Steiner’s Automobile Anxiety Inventory

What is Steiner’s AAI

Steiner’s Automobile Anxiety Inventory (AAI) is a 23 item questionnaire of which 18 can be scored to provide a quantitative measure of vehicular anxiety (amaxophobia) as common in survivors of motor vehicle accidents (MVAs).

Steiner’s AAI Printable PDF


Steiner’s AAI is a 23 item questionnaire of which 18 are scored to provide a quantitative measure of post-MV A vehicular anxiety (amaxophobia).

The answers to the items can be scored with 1 point for "Yes" and 0 for "No".

The items which are not scored are included only to provide potentially relevant information for psychotherapists, but their content is not necessarily indicative of the intensity of amaxophobia.

Mean Scores on Steiner’s Automobile Anxiety Inventory

Table 4
ScaleMean ScoreSD

Steiner’s Automobile Anxiety Inventory



PsyPack can automatically score the Steiner’s AAI assessment and prepare corresponding tables and graphs.

Steiner’s AAI sample result

Further, PsyPack automatically plots a graph to help you easily track progress over time.

Steiner’s AAI track progress

Sample Report of Steiner’s AAI


Amaxophobia, Anxiety, Post-Traumatic Stress Disorder (PTSD)

What does Steiner’s AAI measure

The purpose of the evaluation is to:

  • provide a quantitative measure of vehicular anxiety (amaxophobia).



Type of outcome tool


Assessment modes


Age and eligibility

18 years and above

Estimated time

About 5 minutes


Since the questionnaire relies on client self-report, all responses should be verified by the clinician, and a definitive diagnosis is made on clinical grounds taking into account how well the client understood the questionnaire, as well as other relevant information from the client.

Briefly, the Steiner’s AAI is designed for assessments of post-accident amaxaphobia of previously self-confident drivers who were free of excessive anxiety prior to their accident. Its task is to facilitate such assessments, making them more systematic, and providing detailed information for therapists who work with these patients.

The AAI is intended for “mapping” the individual pattern of manifestations of driving anxiety to allow systematic and quantitative routine clinical assessments of each patient. No cutoff score is provided at this time because it is theoretically feasible that a patient endorsing all 18 items might be, in an extreme case, less seriously disabled by amaxophobia than another one who marked only one or a few items with “Yes,” but experiences a more adverse deterioration of the quality of daily life, when the restrictions of travel due to vehicular anxiety interfere in some extreme manner with the occupational activities, self- care activities, and family life of the patient. Thus, the main purpose of Steiner’s AAI in clinical work is to provide descriptive clinical data based on a standardized systematic assessment rather than using a quantitative diagnostic cutoff in individual cases. For example, the psychotherapist may review the patients’ responses to AAI items in the counselling session to inquire about the context and nuances of avoidance of certain driving situations, the limitation in their regular participation in life due to avoidance of driving, and the impact of these factors on self-esteem or self-image. The pre- and post-accident context of the MVA must be also clarified to understand the patient’s experience of the current symptoms.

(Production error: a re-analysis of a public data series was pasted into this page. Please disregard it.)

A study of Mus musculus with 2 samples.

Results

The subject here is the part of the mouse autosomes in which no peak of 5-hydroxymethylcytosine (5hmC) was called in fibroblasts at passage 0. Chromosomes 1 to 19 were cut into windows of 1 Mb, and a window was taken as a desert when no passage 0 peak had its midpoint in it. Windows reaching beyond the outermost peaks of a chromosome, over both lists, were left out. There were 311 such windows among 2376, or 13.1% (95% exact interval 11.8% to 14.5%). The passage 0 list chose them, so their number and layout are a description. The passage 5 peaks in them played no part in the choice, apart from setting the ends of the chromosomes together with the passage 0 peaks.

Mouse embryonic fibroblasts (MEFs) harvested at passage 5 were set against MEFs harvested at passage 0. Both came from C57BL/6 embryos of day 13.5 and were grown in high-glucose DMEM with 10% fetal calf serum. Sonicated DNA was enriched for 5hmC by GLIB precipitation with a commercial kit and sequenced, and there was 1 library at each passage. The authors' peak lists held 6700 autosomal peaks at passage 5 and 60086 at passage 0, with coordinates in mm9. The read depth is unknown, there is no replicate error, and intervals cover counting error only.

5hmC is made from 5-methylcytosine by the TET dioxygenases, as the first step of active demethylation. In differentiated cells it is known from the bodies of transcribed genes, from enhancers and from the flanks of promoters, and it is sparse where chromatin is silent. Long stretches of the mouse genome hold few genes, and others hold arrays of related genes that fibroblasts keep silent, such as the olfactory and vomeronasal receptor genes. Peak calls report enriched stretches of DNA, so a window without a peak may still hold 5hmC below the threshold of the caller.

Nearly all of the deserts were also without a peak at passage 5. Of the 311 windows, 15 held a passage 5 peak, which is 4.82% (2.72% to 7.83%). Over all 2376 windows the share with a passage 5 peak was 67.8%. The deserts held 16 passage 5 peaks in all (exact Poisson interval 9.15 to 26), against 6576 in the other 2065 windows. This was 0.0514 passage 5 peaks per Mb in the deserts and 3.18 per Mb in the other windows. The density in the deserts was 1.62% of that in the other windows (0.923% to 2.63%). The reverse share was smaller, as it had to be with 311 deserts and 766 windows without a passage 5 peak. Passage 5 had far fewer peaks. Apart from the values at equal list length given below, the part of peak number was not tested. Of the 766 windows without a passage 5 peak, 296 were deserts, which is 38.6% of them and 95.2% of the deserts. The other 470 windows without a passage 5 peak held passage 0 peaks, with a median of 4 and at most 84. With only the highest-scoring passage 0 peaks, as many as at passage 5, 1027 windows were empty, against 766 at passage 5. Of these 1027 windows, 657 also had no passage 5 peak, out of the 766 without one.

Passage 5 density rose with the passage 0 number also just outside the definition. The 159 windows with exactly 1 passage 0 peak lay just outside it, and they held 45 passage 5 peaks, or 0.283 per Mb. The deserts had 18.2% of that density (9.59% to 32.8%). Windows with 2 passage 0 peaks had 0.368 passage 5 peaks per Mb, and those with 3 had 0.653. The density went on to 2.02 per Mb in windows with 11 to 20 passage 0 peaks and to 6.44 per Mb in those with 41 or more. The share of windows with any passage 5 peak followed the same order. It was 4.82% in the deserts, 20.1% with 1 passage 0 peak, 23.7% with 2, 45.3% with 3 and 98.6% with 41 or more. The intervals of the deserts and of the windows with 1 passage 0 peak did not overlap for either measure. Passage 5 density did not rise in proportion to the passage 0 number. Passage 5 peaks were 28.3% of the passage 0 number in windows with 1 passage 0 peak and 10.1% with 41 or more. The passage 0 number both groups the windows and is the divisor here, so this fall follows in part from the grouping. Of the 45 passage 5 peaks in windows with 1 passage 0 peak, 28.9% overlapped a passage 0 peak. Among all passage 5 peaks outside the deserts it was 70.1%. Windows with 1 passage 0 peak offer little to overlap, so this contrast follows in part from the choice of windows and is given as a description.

Some patients find it difficult to describe their MVA related feelings in words without some prompting in a safe therapeutic relationship. Reviewing the AAI responses with the patient in the treatment sessions would facilitate emergence of nuanced information which helps the process of providing instructions for the use of exposure therapy appropriately customized for the individual patient. The nuanced information may also assist the patient in learning more about the underlying limiting cognitions, and later to reflect and evaluate the negative automatic thoughts associated with strong emotions during the cognitive re- appraisal. Briefly, Steiner’s AAI may serve as a tool in therapy of post-MVA patients.

Attribution and References

Leon Steiner, Zack Cernovsky. Convergent Validity of Leon Steiner’s Measure of Driving Phobia. Archives of Psychiatry and Behavioral Sciences. 2020; 3(1): 45-50.